Treasury widens Covid business rates support with £1.5bn fund

business rates

The government has announced plans for a £1.5bn funding pot to help companies struggling with business rates following a flood of requests for support during the coronavirus pandemic.

In an expansion of support across the economy, the Treasury said the new fund was designed to help firms outside the retail, leisure and hospitality sectors with the taxes they pay based on the value of the premises they occupy.

The development comes in response to hundreds of thousands of firms lodging appeals with the government to reduce their rates bills after the pandemic sank Britain’s economy into its deepest recession for 300 years.

Eligible firms in the sectors, which include pubs, bars, restaurants, shops and hotels, have been able to access 100% rates relief since the start of the pandemic. Its impact, however, has been felt far beyond these sectors, and the government has also received about 170,000 claims from companies seeking “material change of circumstance” (MCC) reductions on their rates bills.

Faced with the backlog, ministers said the fastest and fairest way to respond was to reject all MCC claims relating to Covid-19 and use the new fund to support the claimants instead. The fund will be administered by local authorities, which will decide whether a business is eligible, and priority will be given to the worst-affected sectors.

The Treasury said the plan would also avoid significant amounts of taxpayers’ support going to businesses able to operate as usual during the pandemic, and avoided the cash disproportionately benefiting particular regions such as London.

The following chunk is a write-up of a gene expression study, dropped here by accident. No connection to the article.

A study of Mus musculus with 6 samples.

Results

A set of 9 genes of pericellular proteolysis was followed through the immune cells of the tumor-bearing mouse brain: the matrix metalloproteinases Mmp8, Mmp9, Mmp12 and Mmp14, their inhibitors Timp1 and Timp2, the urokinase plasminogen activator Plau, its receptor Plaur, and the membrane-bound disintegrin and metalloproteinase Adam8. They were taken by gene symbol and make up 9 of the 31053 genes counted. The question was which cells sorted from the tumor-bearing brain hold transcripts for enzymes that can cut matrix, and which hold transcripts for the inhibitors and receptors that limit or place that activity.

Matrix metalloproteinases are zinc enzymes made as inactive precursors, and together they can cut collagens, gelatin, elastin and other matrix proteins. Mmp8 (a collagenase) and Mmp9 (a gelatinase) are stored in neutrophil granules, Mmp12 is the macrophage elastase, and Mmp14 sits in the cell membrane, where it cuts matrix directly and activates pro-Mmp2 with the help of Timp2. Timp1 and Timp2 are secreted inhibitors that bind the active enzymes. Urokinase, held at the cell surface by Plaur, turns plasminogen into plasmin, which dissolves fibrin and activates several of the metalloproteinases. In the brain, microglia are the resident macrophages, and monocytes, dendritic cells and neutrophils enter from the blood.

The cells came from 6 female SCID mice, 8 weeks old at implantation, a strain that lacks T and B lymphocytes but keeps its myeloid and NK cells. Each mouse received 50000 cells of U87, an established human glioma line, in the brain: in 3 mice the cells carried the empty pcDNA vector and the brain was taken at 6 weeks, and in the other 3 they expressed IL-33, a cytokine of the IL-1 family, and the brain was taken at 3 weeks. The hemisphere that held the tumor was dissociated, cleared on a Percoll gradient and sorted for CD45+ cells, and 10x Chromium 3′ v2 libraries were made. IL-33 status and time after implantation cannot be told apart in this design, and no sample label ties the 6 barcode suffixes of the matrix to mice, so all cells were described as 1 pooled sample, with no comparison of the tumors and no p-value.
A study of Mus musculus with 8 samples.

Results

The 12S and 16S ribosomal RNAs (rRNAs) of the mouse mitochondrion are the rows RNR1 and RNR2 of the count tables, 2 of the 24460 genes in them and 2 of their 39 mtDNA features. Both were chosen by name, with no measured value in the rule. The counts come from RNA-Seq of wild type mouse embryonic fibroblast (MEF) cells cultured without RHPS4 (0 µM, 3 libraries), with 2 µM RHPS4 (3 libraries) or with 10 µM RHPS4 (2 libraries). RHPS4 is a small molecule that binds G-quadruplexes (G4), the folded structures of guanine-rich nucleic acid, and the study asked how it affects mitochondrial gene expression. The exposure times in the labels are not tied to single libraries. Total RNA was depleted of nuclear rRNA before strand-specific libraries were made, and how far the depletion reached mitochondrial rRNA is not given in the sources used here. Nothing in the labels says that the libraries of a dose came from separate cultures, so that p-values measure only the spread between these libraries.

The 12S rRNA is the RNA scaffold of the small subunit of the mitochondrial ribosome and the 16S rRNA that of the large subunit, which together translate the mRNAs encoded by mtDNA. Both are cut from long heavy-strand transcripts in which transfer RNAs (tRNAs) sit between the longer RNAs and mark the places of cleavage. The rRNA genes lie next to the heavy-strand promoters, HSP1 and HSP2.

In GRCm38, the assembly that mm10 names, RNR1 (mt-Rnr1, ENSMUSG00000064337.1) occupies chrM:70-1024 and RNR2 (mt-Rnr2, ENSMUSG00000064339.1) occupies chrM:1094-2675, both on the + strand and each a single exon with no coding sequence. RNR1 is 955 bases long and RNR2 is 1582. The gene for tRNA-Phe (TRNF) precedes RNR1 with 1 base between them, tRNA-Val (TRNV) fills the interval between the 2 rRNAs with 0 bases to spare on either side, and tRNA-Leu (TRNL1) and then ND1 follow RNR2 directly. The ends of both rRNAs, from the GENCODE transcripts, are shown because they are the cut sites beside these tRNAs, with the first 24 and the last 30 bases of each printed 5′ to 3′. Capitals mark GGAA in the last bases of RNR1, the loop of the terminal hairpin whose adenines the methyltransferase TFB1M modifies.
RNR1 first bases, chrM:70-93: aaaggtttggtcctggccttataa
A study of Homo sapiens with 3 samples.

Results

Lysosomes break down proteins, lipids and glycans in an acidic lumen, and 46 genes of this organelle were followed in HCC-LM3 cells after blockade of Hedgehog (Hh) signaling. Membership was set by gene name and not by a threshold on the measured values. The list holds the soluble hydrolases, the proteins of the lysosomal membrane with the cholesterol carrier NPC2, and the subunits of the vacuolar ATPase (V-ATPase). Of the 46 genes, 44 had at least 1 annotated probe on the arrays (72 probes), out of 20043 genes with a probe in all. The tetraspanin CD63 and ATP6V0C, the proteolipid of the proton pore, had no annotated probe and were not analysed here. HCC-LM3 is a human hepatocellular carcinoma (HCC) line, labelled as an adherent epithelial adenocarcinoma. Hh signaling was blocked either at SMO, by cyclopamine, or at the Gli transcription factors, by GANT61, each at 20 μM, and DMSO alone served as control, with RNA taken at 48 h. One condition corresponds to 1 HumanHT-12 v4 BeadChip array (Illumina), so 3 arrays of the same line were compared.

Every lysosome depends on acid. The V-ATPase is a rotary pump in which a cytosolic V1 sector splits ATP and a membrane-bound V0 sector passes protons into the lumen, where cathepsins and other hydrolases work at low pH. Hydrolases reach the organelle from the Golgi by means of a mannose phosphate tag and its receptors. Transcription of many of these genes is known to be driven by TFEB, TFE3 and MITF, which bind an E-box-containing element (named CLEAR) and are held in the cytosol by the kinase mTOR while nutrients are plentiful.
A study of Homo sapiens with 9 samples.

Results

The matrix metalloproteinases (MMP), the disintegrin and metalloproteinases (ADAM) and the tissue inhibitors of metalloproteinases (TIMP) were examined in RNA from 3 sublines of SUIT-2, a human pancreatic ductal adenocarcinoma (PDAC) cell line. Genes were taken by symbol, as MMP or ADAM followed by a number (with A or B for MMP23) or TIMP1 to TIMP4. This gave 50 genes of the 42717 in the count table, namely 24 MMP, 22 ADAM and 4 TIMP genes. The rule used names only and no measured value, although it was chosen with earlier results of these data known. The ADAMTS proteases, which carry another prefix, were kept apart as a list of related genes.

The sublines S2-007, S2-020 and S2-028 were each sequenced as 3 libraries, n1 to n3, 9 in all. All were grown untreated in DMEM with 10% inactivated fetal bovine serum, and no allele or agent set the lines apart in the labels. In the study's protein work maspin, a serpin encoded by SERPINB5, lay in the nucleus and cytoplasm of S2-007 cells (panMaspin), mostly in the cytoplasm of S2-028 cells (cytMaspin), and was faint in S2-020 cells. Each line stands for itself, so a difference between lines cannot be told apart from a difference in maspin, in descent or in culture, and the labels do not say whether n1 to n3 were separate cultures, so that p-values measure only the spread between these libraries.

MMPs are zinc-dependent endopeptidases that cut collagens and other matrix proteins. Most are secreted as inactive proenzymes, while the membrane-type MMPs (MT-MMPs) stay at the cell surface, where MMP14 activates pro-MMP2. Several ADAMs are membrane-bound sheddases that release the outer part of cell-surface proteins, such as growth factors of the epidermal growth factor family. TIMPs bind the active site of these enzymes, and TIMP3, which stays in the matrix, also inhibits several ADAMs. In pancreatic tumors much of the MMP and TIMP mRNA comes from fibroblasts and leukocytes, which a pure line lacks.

The move could, however, prove controversial if firms that had hoped for an MCC reduction are also denied support from the fund. Business leaders said that although many firms indirectly hit by Covid restrictions could get support, other struggling companies still risked being left out in the cold.

Rain Newton-Smith, the CBI’S chief economist, said: “It’s a tricky balance to strike, but other firms whose revenues have been hard hit by the crisis will certainly be highly frustrated that their appeals for discounts will be null and void now.”

The chancellor, Rishi Sunak, said the government’s priority was to get cash quickly and fairly to firms who needed it most.

“By providing more targeted support than the business rates appeals system, our approach will help protect and support jobs in businesses across the country, providing a further boost as we reopen the economy, emerge from this crisis and build back better,” he said.